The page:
8 May, 2018 01:04:46
Do not miss this heritage symposium at an old Kolkata building


Convened by Manish Chakraborti and Kamalika Bose, Conservation Architects and Heritage Consultants and Tapati Guha-Thakura, Professor of History and Convener, JBMRC, Kolkata will witness a symposium with a difference. This exhibition and symposium has been planned to coincide with the growing civic movement, propelled by various citizen’s initiatives, that is striving for the conservation and rejuvenation of buildings, neighbourhoods and environment that make up the unique character of the 19th and 20th century Kolkata. This movement is driven, on one hand, by the urgent need to stop the rampant destruction of Kolkata’s historic domestic and landmark architecture and create a vigilant municipal and public domain of heritage zoning and conservation. 

The movement has fuelled a range of initiatives of artists, designers, researchers and urban activists at imaginatively reengaging local residents, communities and dying trades and establishments to bring back to life the past and present histories of historic neighbourhoods of the city. A wonderful instance of this was the two-day street festival called ‘Tales of Chitpur.’ that was held over two days in late February, organised by Hamdasti, with funding from the India Foundation for the Arts, Bangalore and supported by the state Tourism department. The huge public response and participation that these projects have been able to mobilise is an indication that this is the time to bring together different groups and persons who have a common stake in these issues of urban conservation and renewal, and create a forum for concentrated discussions, workshop and planning.

The symposium is designed to provide an interdisciplinary platform of expertise and involvement that will bring into conversation intellectuals, researchers, artists, architects, heritage activists and other stake holders in architectural conservation and urban regeneration in Kolkata. It is also intended to start a discussion on how the Jadunath Bhavan Museum and Resource Centre (JBMRC), a unit of the Centre for Studies in Social Sciences, Calcutta (CSSSC), can serve as a nodal hub for a series of such workshops. The venue is a typical 1930s South Kolkata building that was the residence of the famous historian, Sir Jadunath Sarkar, from 1938 to 1958, which has now been restored and redesigned to function as an academic and cultural resource centre. With its library holdings of rare books, periodicals, newspaper and scholar collections, its digital image archive on 19th and 20th century Bengal sourced from different private repositories, and its valuable digital archive of the annual proceedings of the Kolkata Improvement Trust (from its foundation in 1912 to the 1970s), the JBMRC is well suited to serve as a key location for a series of workshops, presentations and programmes on this theme of reclamation and conservation of the historical city.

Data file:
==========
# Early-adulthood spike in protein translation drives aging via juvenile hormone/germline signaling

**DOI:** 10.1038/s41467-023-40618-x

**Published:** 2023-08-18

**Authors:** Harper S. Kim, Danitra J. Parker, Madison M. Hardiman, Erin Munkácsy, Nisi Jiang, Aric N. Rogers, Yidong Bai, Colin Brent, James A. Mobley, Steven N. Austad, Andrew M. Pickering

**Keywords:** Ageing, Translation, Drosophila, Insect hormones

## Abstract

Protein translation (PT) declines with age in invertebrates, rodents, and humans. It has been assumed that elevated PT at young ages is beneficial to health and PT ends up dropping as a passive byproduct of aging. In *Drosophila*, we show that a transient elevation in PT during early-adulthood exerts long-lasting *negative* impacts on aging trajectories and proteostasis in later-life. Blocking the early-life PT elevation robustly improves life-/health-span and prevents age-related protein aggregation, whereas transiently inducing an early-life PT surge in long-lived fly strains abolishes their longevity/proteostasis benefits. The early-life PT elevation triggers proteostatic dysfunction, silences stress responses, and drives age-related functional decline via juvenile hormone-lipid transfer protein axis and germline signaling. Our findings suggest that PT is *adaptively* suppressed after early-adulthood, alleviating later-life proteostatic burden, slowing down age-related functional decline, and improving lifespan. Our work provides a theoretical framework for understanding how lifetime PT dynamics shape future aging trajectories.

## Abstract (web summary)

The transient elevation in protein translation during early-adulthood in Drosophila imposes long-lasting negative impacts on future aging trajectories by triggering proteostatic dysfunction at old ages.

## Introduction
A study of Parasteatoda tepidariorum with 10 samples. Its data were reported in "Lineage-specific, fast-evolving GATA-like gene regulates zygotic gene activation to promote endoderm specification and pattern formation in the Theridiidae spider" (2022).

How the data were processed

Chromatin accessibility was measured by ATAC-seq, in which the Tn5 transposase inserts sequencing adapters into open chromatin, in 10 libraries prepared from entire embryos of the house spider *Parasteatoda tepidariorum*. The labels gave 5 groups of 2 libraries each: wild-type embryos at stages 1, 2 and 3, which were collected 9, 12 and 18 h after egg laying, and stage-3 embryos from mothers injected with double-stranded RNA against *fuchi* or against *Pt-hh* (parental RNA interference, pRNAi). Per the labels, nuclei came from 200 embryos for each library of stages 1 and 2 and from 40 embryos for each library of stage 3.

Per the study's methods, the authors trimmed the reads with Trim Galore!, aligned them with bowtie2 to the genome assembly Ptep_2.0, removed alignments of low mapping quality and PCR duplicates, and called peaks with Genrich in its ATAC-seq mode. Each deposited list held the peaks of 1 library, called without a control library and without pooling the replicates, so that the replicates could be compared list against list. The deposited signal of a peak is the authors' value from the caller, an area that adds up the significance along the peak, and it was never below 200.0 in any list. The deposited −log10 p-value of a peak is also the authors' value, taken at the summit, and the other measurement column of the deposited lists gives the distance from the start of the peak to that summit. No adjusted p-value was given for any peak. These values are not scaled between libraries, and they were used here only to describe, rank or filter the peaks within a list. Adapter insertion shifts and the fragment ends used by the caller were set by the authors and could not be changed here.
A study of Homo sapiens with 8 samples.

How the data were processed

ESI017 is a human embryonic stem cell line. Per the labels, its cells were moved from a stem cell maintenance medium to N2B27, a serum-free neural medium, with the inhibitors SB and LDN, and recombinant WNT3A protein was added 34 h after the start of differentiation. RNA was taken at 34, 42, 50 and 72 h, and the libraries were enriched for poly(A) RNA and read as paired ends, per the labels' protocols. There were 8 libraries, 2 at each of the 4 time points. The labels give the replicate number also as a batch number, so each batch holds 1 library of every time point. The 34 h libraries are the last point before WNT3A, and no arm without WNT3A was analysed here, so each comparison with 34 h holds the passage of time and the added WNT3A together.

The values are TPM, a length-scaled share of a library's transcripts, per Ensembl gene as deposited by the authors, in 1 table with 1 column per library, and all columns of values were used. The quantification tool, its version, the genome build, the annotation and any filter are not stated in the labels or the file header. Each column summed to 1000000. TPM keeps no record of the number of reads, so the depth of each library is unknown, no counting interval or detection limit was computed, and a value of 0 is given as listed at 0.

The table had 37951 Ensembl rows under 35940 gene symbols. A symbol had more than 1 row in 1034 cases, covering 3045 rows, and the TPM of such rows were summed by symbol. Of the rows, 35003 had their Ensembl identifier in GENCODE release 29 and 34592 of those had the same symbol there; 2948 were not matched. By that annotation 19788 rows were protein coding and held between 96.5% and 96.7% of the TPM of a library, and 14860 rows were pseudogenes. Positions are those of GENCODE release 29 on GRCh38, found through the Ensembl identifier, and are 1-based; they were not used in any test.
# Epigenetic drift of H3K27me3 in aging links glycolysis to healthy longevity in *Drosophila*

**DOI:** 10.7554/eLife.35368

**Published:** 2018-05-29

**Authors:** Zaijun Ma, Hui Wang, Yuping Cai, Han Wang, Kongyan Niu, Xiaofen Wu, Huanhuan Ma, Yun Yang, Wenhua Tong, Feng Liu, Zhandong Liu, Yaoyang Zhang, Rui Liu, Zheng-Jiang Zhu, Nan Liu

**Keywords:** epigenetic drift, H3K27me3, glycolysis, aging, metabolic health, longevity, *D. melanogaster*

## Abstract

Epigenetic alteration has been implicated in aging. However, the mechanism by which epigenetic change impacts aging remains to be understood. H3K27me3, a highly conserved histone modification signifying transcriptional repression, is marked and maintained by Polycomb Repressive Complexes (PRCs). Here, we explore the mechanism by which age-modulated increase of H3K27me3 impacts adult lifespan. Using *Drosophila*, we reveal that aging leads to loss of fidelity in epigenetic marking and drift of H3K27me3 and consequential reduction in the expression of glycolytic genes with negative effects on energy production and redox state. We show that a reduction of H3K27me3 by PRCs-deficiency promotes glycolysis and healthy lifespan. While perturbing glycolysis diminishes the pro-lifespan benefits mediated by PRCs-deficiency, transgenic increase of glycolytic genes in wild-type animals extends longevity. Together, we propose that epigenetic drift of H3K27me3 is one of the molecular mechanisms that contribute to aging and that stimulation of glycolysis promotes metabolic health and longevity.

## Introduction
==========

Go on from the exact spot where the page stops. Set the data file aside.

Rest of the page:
On Friday, 11 May, between 5.30 pm – 7.30 pm, Tapati Guha-Thakurta will present “Chitpur Reimagined: Kolkata’s Heritage Corridor.” Kamalika Bose will present the Chitpur Heritage Corridor research, the plans for ensuing workshops, and the way forward for a plan for sustainable development and tourism centred around local communities, establishments and neighbourhoods. The exhibition will remain on view at the JBMRC during 12 and 13 May.